December 3rd, 2008
Artist: Peter Saul
Venue: Patrick Painter, Los Angeles
Exhibition Title: Five New Pictures
Date: November 22, 2008 – January 10, 2009
Full gallery of images, press release and link available after the jump.
Patrick Painter Inc. is proud to present their first solo exhibition of Peter Saul at Bergamot Station. Featured right on the heels of Saul’s retrospective at the Orange County Museum of Art, this exhibition serves as a perfect “cherry on top” for the Southern California contemporary art aficionado. As the title of the show suggests, five brand new works from Mr. Saul will be on display, each featuring his usual cast of twisted and amorphous characters; monsters of a post- modern era.
Since his career first blossomed over fifty years ago, Saul’s artwork continues to engage with both the taboo and the sacred. Everything from sexuality to torture, from the sanctity of art to the horrors of conquest, Saul’s psychedelic palette explores them all. The new works presented in this show are no exception. This show highlights Saul’s interpretation of the monstrosities of mankind, the anxiety of the everyday as well as the freaky fetishes of American culture.
Saul’s timing and topicality are perfect and of the moment. For example, the portrait Real Estate Agent Going Crazy depicts an agent’s head morphing into a house. Brilliant spouts of volcanic fire erupt out of chimney-orphuses, eyes pop cartoonishly, and the remaining features ooze down into the agent’s collar as he witnesses the collapse of the American real estate market.
Also featured in this show are two of Saul’s history paintings. These takes on historical events are another favorite subject for Saul, with previous works ranging from the Vietnam war to Columbus’ discovery of America. Featured in this show is Fort Defiance, which depicts a frontier battle between the fortified, hot pink-skinned American cavalry and a slew of nearly-naked female natives armed with bows and arrows. Though their arrows penetrate the cavalrymen’s bodies, the eventual outcome remains clear in the viewer’s mind: the perpetual westward expansion of the United States and the cross-continental destruction of indigenous people. Saul’s rendering of this scene makes it clear that the indigenous women’s flimsy arrows will not keep the cavalry at bay for long, and hint at what is to come.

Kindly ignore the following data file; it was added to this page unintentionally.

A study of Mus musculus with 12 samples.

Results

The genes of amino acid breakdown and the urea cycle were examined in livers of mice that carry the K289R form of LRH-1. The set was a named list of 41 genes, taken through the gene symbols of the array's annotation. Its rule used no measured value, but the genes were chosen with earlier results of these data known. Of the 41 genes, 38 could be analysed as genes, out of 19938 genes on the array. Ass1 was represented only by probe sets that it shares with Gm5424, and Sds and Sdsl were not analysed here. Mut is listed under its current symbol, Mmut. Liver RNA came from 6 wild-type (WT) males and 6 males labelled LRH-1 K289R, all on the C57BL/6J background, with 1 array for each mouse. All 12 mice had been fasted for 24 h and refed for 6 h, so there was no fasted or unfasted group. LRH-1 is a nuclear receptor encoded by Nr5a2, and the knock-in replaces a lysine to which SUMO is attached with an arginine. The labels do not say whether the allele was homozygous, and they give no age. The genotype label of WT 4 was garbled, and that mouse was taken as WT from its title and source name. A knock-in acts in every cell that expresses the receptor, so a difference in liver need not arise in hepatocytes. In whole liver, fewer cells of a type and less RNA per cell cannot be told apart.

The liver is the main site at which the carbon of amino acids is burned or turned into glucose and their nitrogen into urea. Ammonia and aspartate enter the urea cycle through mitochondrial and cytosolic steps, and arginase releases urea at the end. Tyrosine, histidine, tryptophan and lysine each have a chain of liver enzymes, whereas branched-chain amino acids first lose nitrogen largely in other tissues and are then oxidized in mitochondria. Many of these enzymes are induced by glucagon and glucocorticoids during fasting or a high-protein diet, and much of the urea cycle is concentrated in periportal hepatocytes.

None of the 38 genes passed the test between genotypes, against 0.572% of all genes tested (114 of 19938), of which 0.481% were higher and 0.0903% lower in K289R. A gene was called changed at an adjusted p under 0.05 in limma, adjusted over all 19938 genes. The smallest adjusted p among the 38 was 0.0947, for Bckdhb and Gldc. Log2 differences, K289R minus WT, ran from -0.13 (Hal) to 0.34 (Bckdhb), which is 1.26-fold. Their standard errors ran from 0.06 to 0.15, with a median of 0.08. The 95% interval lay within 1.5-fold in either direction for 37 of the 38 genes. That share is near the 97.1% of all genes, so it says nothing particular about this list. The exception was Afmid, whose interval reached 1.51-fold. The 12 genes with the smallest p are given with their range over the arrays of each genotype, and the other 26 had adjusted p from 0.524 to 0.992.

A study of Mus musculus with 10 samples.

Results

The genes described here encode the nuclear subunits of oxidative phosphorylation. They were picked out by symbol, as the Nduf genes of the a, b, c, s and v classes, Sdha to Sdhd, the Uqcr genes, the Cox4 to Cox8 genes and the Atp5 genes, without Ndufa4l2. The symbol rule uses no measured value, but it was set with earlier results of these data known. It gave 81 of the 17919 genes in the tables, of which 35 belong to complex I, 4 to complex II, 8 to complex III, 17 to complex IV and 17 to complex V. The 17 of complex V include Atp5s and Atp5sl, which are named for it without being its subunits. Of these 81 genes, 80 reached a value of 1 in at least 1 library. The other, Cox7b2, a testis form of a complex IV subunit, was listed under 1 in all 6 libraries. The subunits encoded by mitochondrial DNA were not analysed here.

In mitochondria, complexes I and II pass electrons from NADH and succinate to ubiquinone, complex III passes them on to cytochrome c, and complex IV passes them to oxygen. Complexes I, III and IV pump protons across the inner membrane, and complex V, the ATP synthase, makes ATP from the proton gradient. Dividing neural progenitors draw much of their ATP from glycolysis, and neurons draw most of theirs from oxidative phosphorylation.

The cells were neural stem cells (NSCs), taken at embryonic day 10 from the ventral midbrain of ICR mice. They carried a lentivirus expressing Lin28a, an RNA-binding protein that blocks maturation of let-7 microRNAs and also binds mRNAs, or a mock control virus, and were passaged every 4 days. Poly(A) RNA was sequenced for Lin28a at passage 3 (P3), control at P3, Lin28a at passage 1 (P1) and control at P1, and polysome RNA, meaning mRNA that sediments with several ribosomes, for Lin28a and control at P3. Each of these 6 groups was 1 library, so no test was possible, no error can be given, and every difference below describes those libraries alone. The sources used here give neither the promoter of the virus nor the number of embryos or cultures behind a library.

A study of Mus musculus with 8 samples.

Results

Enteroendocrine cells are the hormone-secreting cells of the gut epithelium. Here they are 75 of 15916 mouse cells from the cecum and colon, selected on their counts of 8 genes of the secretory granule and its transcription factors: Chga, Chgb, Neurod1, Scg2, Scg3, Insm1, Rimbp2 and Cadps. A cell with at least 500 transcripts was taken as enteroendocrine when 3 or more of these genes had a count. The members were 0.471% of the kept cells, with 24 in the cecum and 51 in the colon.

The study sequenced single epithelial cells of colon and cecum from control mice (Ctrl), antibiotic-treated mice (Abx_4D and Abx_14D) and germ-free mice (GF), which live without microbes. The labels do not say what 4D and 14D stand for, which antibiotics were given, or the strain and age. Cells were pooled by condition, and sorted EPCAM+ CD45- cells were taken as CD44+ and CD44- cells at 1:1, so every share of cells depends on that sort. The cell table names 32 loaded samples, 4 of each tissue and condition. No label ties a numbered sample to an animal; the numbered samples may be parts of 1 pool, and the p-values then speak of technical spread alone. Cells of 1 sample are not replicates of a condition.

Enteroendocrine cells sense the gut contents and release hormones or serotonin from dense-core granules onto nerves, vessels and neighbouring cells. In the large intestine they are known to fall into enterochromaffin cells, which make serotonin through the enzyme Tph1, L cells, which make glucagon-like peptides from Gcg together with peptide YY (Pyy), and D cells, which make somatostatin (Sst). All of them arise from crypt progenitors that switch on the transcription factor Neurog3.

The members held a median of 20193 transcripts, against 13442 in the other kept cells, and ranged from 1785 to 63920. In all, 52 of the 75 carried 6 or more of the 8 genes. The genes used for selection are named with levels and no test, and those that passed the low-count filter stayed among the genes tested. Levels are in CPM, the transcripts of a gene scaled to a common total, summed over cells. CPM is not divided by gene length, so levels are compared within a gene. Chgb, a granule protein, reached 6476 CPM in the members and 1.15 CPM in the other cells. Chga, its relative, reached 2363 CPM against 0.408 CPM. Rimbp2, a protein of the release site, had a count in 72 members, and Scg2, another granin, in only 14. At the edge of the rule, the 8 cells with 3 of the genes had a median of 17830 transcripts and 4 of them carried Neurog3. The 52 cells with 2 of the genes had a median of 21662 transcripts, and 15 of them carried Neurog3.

Taking on a slightly lighter topic, Bad Restaurant brilliantly portrays the horrors of eating in a restaurant with a “B” health rating, or the even more frightening and forbidden “C”. In a culture obsessed with fresh and organic foods, Saul presents every American’s worst nightmare: germs. Insects and personified bacteria battle it out in front of a tumultuous background. Saul includes himself in this chaotic scene with several self-portraits that float throughout the composition, in ghastly shades of green, purple, pink and blue. In this piece, Saul allows us to glimpse inside the world of an upset stomach.
“These pictures are supposed to appeal to the viewer directly, as something fresh to look at, without the help of explanation by critics; curators,” Saul says, “I never bother to separate the true from the false. If anything’s there, it’s because it seemed interesting. The idea is to find something low, like commonplace, cheap, crazy or funny and raise it up to great heights by caressing it with beautiful technique”.